The case of the missing children The case of the missing children
 The case of the missing children
The case of the missing children

Children¬† – A nine-year old amateur detective and his young team try to solve the mystery of children going missing from their sprawling basti in Deepa Anappara’s debut book, “Djinn Patrol on the Purple Line”. Anappara has crafted an engrossing story seen through the eyes of Jai, the young protagonist that focuses on the disappearance of young children in India. Anappara is an engaging writer, her language is coloured with vivid imagery, and she uses banter and humour to leaven the darkness of the subject and its setting.

She intertwines the ghastly crimes with tales of ‘bhoots’ (ghosts) and supernatural happenings, involving a female ghost who protects young girls from assault and a decrepit palace haunted by djinns who act as healers. Jai clings to the belief that the missing children have been abducted by a djinn because to accept the option is too horrific to think of.

A former journalist, Anappara won much acclaim for her debut novel, winning several prestigious work-in-progress awards for her early chapters. The debut book was published internationally in early February, hailed as the best find of the year and backed with laudatory endorsements by world renowned writers like Anne Enright and Ian McEwan.

According to Anappara, as many as 180 children go missing every day in India. Having worked as a journalist in Delhi and Mumbai, she is familiar with the conditions in Indian slums. She writes: “The idea for this novel was sparked by my anger and disappointment at a system that had failed the very people it was supposed to protect.”

Her story brings in shades of the Nithari killings in Noida, where children from the basti went missing while local police brushed aside complaints, labelling the children as runaways.

The infamous Nithari crimes came to light in 2006 after a number of children and young women disappeared from the Nithari urban village in Noida. Faced with police inaction, villagers filed cases in court. A court appointed investigation led to the arrest of the owner of a bungalow and his domestic servant after body parts wrapped in plastic bags were found in a drain adjoining the house.

Jai lives in a one-roomed makeshift hut with a corrugated metal sheet for a roof with his parents and elder sister, Runu didi. Addicted to crime shows on television like “Crime Patrol”, he decides to investigate the crime when a school friend goes missing. He takes the help of two friends, the bright and clever Pari and not so enthusiastic, Faiz.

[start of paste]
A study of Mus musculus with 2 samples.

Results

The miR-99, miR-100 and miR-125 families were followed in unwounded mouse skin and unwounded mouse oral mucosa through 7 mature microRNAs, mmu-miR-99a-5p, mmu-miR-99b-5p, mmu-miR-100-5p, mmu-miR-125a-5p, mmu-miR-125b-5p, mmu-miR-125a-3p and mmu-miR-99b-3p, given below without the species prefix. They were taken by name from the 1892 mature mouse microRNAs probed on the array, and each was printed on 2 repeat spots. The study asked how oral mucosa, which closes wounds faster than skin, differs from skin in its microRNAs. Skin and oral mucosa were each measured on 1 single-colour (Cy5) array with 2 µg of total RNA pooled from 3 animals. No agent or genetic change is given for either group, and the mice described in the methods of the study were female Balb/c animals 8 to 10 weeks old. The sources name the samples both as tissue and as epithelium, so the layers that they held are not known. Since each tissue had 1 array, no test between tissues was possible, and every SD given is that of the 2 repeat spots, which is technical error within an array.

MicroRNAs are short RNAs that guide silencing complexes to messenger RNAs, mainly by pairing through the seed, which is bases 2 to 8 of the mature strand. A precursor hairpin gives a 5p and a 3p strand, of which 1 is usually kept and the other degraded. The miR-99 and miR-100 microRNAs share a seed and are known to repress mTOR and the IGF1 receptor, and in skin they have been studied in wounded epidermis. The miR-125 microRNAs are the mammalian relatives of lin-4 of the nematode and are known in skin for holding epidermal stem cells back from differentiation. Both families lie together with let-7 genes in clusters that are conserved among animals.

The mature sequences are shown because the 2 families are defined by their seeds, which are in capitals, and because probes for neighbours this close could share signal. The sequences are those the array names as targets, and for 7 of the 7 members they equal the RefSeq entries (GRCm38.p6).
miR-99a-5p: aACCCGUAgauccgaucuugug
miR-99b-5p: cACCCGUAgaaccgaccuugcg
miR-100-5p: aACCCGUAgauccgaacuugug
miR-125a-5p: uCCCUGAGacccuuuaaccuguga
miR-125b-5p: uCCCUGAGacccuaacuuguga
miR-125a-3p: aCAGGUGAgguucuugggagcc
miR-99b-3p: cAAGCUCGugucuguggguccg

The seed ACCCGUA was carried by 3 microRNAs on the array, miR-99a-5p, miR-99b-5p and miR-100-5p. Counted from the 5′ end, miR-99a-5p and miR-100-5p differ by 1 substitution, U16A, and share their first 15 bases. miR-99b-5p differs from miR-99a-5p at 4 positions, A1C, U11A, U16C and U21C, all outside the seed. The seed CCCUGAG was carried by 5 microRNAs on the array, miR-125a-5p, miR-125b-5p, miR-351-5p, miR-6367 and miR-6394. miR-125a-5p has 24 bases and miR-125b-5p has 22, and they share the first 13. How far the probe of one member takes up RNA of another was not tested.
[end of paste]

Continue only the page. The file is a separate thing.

Their basti lies next to a towering block of luxury apartments where ‘hi-fi’ people live and where their mothers go to work as maids and nannies for exacting mistresses. The gleaming, brightly lit towers are separated from the sprawling slum by a large garbage dump, and the lives in the two areas seem to exist on different planets.

Jai is a cheerful, sometimes naive and often cheeky fellow. As he watches people and mulls over different facets of life in the crowded slum, his narrative brings to life the chaotic living in the basti with its oppression and hardships without turning morbid. He has an observant eye and inventive turn of phrase as when he describes chewing a twig to fool his body into thinking that more food is on the way. The three young detectives wander the narrow alleys where goats and hens are clothed hand-me-down sweaters that are in better shape than Jai’s own and the smog “keeps its coat zipped up and doesn’t let out even a sliver of light”.

The trio search the smog-ridden lanes of the Bhoot Bazaar (Ghost Market), and ride the Purple Line Metro to its last stop on the other side of the town. They sift through the large rubbish dumps and question the little army of garbage collectors and appeal to their gang leader, Mental who remains a protector for the small boys and girls even after his death.

Children continue to disappear and the police are unresponsive to complaints and bribes, and instead threaten to bring the bulldozers to demolish the basti if they were pestered too much. Suspicion turns within and tensions rise between Hindu and Muslim basti-dwellers. There is threat of violence as Muslim residents are accused of kidnapping the children, and the young detectives have to find ways to protect their friend, Faiz. More children are abducted, one of them a Muslim child and then, suddenly the abductions come closer home when Jai’s sprinter sister, Runu didi, does not return home. And it is no longer a game as the story moves swiftly towards a conclusion.